Brazil’s Lula, socialist ally of communist Cuba, set to arrive in Washington

The Biden administration says its meeting with Lula seeks to “strengthen democracy” in Brazil. But neither the corrupt Lula, nor his corrupt communist allies in Havana, have any interest in real democracy.

Mary Anastasia O’Grady explains in The Wall Street Journal:

Lula’s D.C. Visit Could Get Awkward

He’s a utopian socialist, not the democratic champion of Biden’s imagination.

Brazil’s President Luiz Inácio “Lula” da Silva will be a guest at the White House later this week. President Biden proposed the visit on Jan. 9, the day after thousands of vandals stormed federal buildings in Brasília. The incident seemed a weird imitation of the January 2021 riot in Washington, though its more likely precursors are the extreme-left rampages that have become all too common in the region.

The timing of the Biden outreach suggests that the 46th U.S. president isn’t about to let this latest unhappy Latin drama go to waste. A cynic might say that Mr. Biden is worried that the trumpista violence in Washington two years ago is fading from view and a visit from Lula is an opportunity to refresh people’s memories. Lula doesn’t seem to mind being used in this way, perhaps because climate change, a subject which has leaders in the developing world seeing dollar signs, is on the agenda.

The assault in Brasília is still under investigation. But it appears that the perpetrators were mostly supporters of former President Jair Bolsonaro, who ran for re-election in October and lost. They claimed that the election, which put Lula in office for a third (nonconsecutive) term on Jan. 1, was stolen.

The White House says the meeting will reinforce U.S. support for Brazilian democracy. But that’s doubtful. It will be easy to denounce the violence of Jan. 8. It will be much more difficult to confront serious threats to Brazil’s rule of law that start with Lula.

The State Department claims to be worried about corruption in Latin America. But it could be tough to broach that subject with a guest who was convicted in 2017 for bribery and money-laundering. Mr. da Silva’s conviction was vacated by the Supreme Court on a technicality but he was never exonerated. His Workers’ Party and his government were at the center of the findings of the famous Operation Carwash, which unearthed billions in padded contracts, kickbacks and money laundering starting around 2007, when Lula was president.

Another democratic principle at risk in Brazil is free speech. Mr. Biden may have to avoid that topic too. During the presidential campaign last year Mr. da Silva benefited from an electoral tribunal that censored his critics. His new government will use speech police to shut down what it judges to be fake news and misinformation. This is an obvious violation of civil liberties and no way to run a democracy. But it’s also an idea that Mr. Biden tried last year and had to withdraw when it was widely mocked by Americans as a ministry of truth.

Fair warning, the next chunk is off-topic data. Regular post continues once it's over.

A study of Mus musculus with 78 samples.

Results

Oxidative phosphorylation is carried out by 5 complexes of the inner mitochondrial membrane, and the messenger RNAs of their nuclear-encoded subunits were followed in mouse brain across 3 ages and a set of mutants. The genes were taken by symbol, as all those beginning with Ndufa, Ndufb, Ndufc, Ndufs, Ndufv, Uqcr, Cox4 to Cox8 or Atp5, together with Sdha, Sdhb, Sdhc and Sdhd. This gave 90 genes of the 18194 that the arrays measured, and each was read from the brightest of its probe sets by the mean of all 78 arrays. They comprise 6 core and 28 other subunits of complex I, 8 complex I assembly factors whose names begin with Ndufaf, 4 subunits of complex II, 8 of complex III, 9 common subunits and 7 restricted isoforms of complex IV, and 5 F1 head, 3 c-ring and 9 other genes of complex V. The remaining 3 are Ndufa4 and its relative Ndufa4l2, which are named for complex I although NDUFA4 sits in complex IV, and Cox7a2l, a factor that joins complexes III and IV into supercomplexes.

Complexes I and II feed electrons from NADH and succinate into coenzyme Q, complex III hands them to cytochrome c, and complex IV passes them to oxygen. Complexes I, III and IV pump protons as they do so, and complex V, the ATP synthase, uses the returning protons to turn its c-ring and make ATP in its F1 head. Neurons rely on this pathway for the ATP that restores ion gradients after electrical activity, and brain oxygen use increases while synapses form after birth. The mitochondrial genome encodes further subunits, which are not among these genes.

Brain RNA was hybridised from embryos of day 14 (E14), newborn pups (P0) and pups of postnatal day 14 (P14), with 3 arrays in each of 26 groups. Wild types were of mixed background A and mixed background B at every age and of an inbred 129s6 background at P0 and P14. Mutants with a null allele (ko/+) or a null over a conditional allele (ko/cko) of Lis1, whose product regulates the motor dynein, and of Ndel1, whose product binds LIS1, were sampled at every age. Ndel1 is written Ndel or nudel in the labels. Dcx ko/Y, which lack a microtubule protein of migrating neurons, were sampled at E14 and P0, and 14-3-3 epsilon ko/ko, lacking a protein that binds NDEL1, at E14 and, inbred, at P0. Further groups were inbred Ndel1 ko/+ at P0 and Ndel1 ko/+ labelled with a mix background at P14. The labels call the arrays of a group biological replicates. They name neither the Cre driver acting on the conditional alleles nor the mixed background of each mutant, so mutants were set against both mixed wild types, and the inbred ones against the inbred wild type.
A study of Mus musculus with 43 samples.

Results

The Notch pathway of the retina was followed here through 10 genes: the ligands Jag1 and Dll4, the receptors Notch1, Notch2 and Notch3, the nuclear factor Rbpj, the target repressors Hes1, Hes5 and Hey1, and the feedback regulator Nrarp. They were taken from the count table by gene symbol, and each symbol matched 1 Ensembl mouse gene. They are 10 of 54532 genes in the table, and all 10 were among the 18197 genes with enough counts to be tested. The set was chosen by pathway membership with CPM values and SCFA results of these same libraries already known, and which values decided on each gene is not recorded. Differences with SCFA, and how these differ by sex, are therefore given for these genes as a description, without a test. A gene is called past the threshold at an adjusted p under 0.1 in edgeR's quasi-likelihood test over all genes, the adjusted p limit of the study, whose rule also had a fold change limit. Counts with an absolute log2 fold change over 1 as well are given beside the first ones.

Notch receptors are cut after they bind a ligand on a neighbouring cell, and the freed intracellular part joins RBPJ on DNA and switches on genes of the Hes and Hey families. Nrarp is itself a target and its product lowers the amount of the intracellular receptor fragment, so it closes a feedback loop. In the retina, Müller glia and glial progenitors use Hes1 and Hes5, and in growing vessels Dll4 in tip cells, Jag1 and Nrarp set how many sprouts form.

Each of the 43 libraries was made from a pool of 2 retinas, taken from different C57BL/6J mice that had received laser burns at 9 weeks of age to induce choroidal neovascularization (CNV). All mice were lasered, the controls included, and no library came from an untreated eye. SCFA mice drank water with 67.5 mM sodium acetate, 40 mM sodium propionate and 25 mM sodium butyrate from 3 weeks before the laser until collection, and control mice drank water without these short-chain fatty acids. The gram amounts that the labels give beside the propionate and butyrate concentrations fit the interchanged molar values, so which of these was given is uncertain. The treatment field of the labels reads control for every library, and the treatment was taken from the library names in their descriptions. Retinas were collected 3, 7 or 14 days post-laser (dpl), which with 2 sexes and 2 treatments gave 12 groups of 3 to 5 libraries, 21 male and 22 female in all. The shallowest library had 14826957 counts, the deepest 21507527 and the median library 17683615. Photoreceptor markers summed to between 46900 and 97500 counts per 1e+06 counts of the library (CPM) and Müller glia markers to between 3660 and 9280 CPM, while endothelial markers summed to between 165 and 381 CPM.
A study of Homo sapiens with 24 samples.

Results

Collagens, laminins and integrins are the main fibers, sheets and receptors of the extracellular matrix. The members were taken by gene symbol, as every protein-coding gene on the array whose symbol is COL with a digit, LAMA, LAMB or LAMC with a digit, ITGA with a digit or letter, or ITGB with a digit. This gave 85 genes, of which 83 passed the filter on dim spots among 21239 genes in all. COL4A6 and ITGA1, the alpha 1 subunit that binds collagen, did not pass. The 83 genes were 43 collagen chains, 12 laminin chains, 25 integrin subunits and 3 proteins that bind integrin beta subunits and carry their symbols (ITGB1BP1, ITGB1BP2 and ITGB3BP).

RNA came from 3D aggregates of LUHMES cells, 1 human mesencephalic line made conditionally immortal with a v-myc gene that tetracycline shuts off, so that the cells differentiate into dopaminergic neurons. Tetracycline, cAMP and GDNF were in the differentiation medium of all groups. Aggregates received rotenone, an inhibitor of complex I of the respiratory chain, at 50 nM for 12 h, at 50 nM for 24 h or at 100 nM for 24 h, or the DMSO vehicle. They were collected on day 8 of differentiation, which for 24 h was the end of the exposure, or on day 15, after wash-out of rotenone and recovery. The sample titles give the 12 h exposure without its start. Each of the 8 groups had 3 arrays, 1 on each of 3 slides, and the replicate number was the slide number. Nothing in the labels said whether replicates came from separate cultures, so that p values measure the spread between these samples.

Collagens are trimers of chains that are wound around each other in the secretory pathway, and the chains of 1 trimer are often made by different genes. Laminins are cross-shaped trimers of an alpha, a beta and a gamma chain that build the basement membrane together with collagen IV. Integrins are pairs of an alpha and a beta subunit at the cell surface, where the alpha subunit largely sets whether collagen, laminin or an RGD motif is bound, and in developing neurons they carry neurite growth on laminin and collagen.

Remaining diplomatic is good manners. But Mr. Biden might find it hard to sustain credibility on the democracy front while ignoring Lula’s ideological links to the 800-pound guerrilla in the hemisphere, a radical left that uses violence and drug trafficking to reach political ends.

In the wake of the fall of the Berlin Wall, Lula and his Workers’ Party co-founded the São Paulo Forum, alongside Fidel Castro, to reinvigorate the communist, revolutionary agenda in Latin America. Three decades later the forum’s raison d’être remains the same.

Having successfully reached Brazil’s highest office three times via the ballot box, Lula has distanced himself from support for armed struggle. But his socialist allies have not. Cuba, a corrupt military dictatorship in its 65th year, is the ringleader of antidemocratic violence around the region. Havana operatives and related co-conspirators in the dictatorships of Venezuela, Bolivia and Nicaragua are notorious for their efforts to undermine elected governments. The upheaval in Peru today is an example of the cost of this subversive activity. This hard-left also networks outside the region. The local Workers’ Party in São Paulo is proud of its alliance with anti-Israel Palestinian activists operating in Latin America. These are Lula’s comrades. Are Americans supposed to cheer him as a champion of democracy?

Mr. da Silva won election on a promise to make poor Brazilians better off. But if he cares about making a dent in poverty, he has to care about growth, which he won’t get if he automatically reverses the constructive policies that worked for his predecessor. Mr. Bolsonaro had a recovery going earlier than other developing countries thanks to some deregulation and a partial pension reform that reduced fiscal pressure. Turning those gains back merely for revenge or to show his ideological chops would be a slap in the face of Brazilians. Yet he’s already signaling that reckless spending and an end to privatization will be at the heart of his economic agenda.

Investors are important to Brazil, whether foreign or domestic. But they’re not likely to bet on a country that is making utopian socialism its highest priority. Mr. Biden also might have trouble making that case to Lula.